FTX collapse, Binance’s US settlement provide strong case for MiCA regulations
European Commission policy officer Ivan Keller highlights high-profile centralized exchange shortcomings as key reasons for the implementation of MiCA regulations in Europe.
Ivan Keller, policy officer for the European Commission, spoke to Cointelegraph at the MoneyLIVE conference in Amsterdam. News of Binance’s high-profile settlement with the U.S. Department of Justice (DOJ) broke the night before Keller’s keynote and served as a pertinent reflection point for MiCA’s full-scale application in 2024.
“I think we’ve had several unfortunate confirmations that kind of go down that path of robust regulation. FTX was definitely one of the big ones, and now recently with Binance,” Keller explained.
“Our position is that this rule book would mitigate some of the risks and, importantly, give regulators more clear-cut levers and powers supervising these entities so they can also mitigate those risks.”
The policy officer also gave an updated view of the path toward MiCA’s full application across the European Union. Hailed as one of the first comprehensive cryptocurrency legal frameworks globally, the regulations set out by MiCA will apply to all EU member states.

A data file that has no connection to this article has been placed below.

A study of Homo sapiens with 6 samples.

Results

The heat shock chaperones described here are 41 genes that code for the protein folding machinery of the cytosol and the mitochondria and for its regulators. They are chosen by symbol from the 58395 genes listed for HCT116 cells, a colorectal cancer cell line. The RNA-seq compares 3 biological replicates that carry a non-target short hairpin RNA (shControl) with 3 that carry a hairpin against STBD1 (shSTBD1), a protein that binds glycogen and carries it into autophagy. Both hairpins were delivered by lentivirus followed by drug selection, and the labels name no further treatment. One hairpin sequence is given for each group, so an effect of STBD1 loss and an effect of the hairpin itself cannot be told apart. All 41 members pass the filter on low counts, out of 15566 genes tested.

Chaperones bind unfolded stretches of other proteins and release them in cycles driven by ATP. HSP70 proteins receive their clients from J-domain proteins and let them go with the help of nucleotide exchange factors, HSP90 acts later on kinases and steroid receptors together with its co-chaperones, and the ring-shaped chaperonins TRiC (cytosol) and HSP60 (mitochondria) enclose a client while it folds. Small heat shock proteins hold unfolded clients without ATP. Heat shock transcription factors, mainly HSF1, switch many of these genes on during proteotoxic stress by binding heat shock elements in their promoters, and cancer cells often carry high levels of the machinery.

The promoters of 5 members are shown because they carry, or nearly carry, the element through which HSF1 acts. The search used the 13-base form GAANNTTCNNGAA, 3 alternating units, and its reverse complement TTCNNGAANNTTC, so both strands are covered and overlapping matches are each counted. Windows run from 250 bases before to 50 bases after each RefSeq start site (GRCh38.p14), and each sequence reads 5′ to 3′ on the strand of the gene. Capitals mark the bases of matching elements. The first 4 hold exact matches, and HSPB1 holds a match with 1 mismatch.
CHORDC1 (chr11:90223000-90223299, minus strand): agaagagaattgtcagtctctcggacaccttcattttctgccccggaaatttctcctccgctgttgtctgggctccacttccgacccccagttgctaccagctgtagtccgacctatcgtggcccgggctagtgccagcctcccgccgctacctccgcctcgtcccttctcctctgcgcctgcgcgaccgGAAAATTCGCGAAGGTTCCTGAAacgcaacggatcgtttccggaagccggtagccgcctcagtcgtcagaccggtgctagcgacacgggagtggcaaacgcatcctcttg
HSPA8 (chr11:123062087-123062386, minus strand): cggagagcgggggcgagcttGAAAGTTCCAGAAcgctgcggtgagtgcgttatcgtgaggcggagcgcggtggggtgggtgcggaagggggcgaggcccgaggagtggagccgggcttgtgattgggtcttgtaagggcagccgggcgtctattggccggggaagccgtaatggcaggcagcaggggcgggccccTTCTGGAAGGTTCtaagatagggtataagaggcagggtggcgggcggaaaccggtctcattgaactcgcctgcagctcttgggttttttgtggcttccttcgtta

Keller stressed that MiCA’s objective is to promote innovation while addressing the risks to consumers, market integrity, financial stability and monetary sovereignty. The scope of the regulations applies to issuers of crypto assets and crypto asset service providers and aims to tackle market abuse.
MiCA entered into force in June 2023, but the application of rules governing “asset-referenced tokens” and “e-money tokens,” which largely fall under the umbrella of stablecoins, is expected to take effect in June 2024.
After that, rules for “crypto-asset service providers,” which include trading platforms, wallet providers, and cryptocurrency exchanges and services, will take effect in December 2024.
Keller added that the European Securities and Markets Authority and European Banking Authority are drafting several technical standards covering a broad scope of considerations.
“There’s around 40 technical standards that are being drafted now. They already consulted the public on a good part of them, and that’s still ongoing. They will then finalize that and then send it to the commission as a draft,” Keller explained.
The commission will then receive finalized standards as a draft, which will need to be adopted into internal procedures. Co-legislators, parliament and the European Council will have a scrutiny period of two months.
“Hopefully, that will be finished before MiCA ‘level one,’ which is this phase for stablecoins, kicks into effect in June 2024.”
Keller also said that cryptocurrency service providers have been given ample time to digest the expectations laid out through the MiCA consultation process.
“It’s been a good 18 months since the text was negotiated. The proposal has been out for a lot of time, and a lot of these things are also kind of borrowed from the traditional rule book,” Keller said.
He added that a “grandfathering clause” in MiCA allows CASPs to continue operating under the applicable national rules of EU member states over a supplemental period. However, these operators would not be able to “passport” services across the European Union.